Yesterday between rain showers in the little garden we share with our friends we harvested the broad beans. Sticking out of old cooking pots and shopping bags were huge, instantly familiar green pods. These were unmistakably Joe Garita’s beans, broadies that Joe had planted, saved and improved year after year since he bought the Coburg market garden from a Chinese family in 1945. The result of Joe’s patience is large, sweet beans perfectly adapted for growing in the soils along the Merri Creek.
We shelled our beans around the kitchen table, our kids pitching in for a pod or two. It’s a secret inoculation; for in years to come there will come a day when they are inexplicably compelled to grow and then shell their own broad beans just as I was and my father was before me. That night we made a beautiful broad bean pasta that even the kids ate. It’s a special meal that brings us together, binds through the passing of seasons and the acts of growing,cooking and eating.
The next day we share some of our broad bean harvest with Kun, our neighbour one down. That afternoon Kun brings over some home-made dumplings with a little pot of spiced sesame sauce as a thank you. I feel grateful, connected, at home.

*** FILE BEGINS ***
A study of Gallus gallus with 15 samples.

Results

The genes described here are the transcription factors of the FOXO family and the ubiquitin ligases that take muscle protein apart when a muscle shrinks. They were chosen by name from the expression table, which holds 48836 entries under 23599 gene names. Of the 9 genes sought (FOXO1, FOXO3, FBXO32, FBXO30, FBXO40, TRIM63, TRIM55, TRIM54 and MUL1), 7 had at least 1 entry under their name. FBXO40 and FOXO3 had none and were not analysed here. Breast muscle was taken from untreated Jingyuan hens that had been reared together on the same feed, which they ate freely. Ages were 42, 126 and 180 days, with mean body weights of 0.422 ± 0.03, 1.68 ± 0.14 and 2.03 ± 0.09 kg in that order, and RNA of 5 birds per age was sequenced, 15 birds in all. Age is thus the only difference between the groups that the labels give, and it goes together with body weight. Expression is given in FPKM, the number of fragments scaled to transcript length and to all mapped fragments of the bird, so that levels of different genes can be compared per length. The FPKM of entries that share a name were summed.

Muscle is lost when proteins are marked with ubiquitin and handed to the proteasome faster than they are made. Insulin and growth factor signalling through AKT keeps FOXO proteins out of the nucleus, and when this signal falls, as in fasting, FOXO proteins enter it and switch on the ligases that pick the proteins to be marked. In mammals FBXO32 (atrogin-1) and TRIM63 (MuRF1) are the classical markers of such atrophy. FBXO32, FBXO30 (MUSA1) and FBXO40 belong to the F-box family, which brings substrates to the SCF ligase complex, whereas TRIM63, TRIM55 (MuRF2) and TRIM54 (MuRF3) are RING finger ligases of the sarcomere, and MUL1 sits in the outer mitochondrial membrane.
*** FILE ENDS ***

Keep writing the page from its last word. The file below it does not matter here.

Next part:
The other day I read Galarrwuy Yunupingu’s article about Yolngu song cycles in The Monthly and it reminded me that our stories like our broad beans are bright and green but they also have shallow, fragile roots When Yunupingu writes about Yolngu stories – how they are the very power that keep the Yolngu world turning, how taking on and singing his father’s songs as he died was the most important moment of his life – I feel the roots of Yolngu stories going a spine-tinglingly long way down.
Lately I’ve watched my son tear through book after book of the Percy Jackson novels based on Greek and Roman myths. His appetite for stories is seemingly insatiable. We have shelves full of stories in beautiful and impressive buildings like our State Library but like my son we’re always hungry for more – for something new. Maybe it’s because we don’t have any stories that are truly our own, that root us to this land and each other. Clearly we want them, we yearn for them. I suspect Joe Garita’s patient advice in this situation would be to smile and say, “Just plant the beans Chris, just plant the beans.”